Listening to the fallen champ and his friend and documentarian, over burgers in Vegas.


Tyson and Toback have been friends for twenty years. “We met on the set of The Pick-Up Artist,” Toback says, “Mike came to meet Robert Downey, and Mike and I had a very deep, serious conversation about all the things of importance: boxing, sex, love, madness, and death.” Tyson has since done cameos in Toback’s films, usually improvised. “I always said we should do one movie which is just a portrait of Mike,” Toback says. “Apart from being the greatest champion ever, he has a mind and language that is always fascinating.”

What caused Tyson to be made right now, however, was something akin to mutual desperation. “My mother had just died,” Toback explains. “[Mike and I] talked about the death of mothers and the centrality of that influence in our lives. I was in a state where I knew I was going to do something very unfortunate in the near future—I was watching myself come close to doing a bunch of things that I knew would be catastrophic. And I thought, If I don’t start making a movie immediately, I’m going to get in trouble,” he says. The two order burgers from room service.

“I was in L.A.,” Tyson says with a nod. “I wasn’t doing anything; I was in rehab, as a matter of fact.” He was in a mood to share his introspection on film. “No one could expel anything that I said, so I took that as a form of safety.” Tyson is indeed Tyson’s monologue. Aside from old footage—which displays the speed and joy of his youth (“I was a happy fighter then”), the devastating power of his prime, and the final matches, when he seemed to make fighting an act of giving up—the only voice you hear is his, as he sits in a Malibu beach house and tries to make sense of a life that sometimes seems like a Shakespearean tragedy produced by Barnum & Bailey.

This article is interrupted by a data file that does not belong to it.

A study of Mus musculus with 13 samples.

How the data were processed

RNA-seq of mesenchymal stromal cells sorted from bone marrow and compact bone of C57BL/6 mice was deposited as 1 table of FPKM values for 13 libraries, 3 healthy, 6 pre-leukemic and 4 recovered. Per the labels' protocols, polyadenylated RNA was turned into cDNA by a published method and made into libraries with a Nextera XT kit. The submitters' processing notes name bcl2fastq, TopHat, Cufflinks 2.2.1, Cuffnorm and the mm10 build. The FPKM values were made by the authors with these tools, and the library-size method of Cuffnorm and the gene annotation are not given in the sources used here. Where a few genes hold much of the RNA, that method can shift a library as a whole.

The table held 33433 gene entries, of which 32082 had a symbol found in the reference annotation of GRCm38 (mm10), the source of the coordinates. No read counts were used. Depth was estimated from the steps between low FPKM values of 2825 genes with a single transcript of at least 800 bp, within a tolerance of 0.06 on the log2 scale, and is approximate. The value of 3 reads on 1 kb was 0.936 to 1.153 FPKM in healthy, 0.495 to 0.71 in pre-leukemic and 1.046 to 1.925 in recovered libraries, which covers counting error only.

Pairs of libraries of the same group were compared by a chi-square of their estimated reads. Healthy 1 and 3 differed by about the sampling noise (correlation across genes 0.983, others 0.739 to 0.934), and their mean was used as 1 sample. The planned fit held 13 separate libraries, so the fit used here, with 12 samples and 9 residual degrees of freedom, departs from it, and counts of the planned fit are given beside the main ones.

“I was always afraid that I would see myself through the same eyes that other people see me,” Tyson says. He leans forward, flattening a hand on the butter-colored tablecloth. “I mean, me and my family slept in abandoned buildings full of rats.” He lets out a soft noise of disgust. “But it’s not a really big thing. It’s a form of survival in a dog-eat-world, rule of the planet or rule of the jungle. It doesn’t mean a big thing to me. But … ” As he gropes for the words to make his point, Toback watches him with an intent, patient expression, the same one that probably looked out from behind the camera.

Suddenly, Tyson breaks out into a wide grin and chuckles. “My girlfriend, you know what happened to her? She opened the cabinet the other day and a roach came out. She almost died! Died!” He shakes his head. “She was crying and screaming. I thought somebody was in there attacking her.” But he didn’t run in and squash it: “It’s just a bug. They wanna live on the planet.” He smiles, leaning forward. “But what I was saying was, I’ve slept in places where you wouldn’t take a shit at. And this roach has really traumatized her.” Suddenly he leaps to his feet, imitating her, hopping from tiptoe to tiptoe: “Oh! Pleeease! Help!

Tyson pauses to savor the laughter and sits back down. “And this is where I come back to the realization that, um, the different lives that people live. Some people couldn’t walk in other people’s shoes, couldn’t last ten minutes in their world. It’s something that I had forgotten, but it sort of brought that substance to light, and I was like, Wow, are people that much different?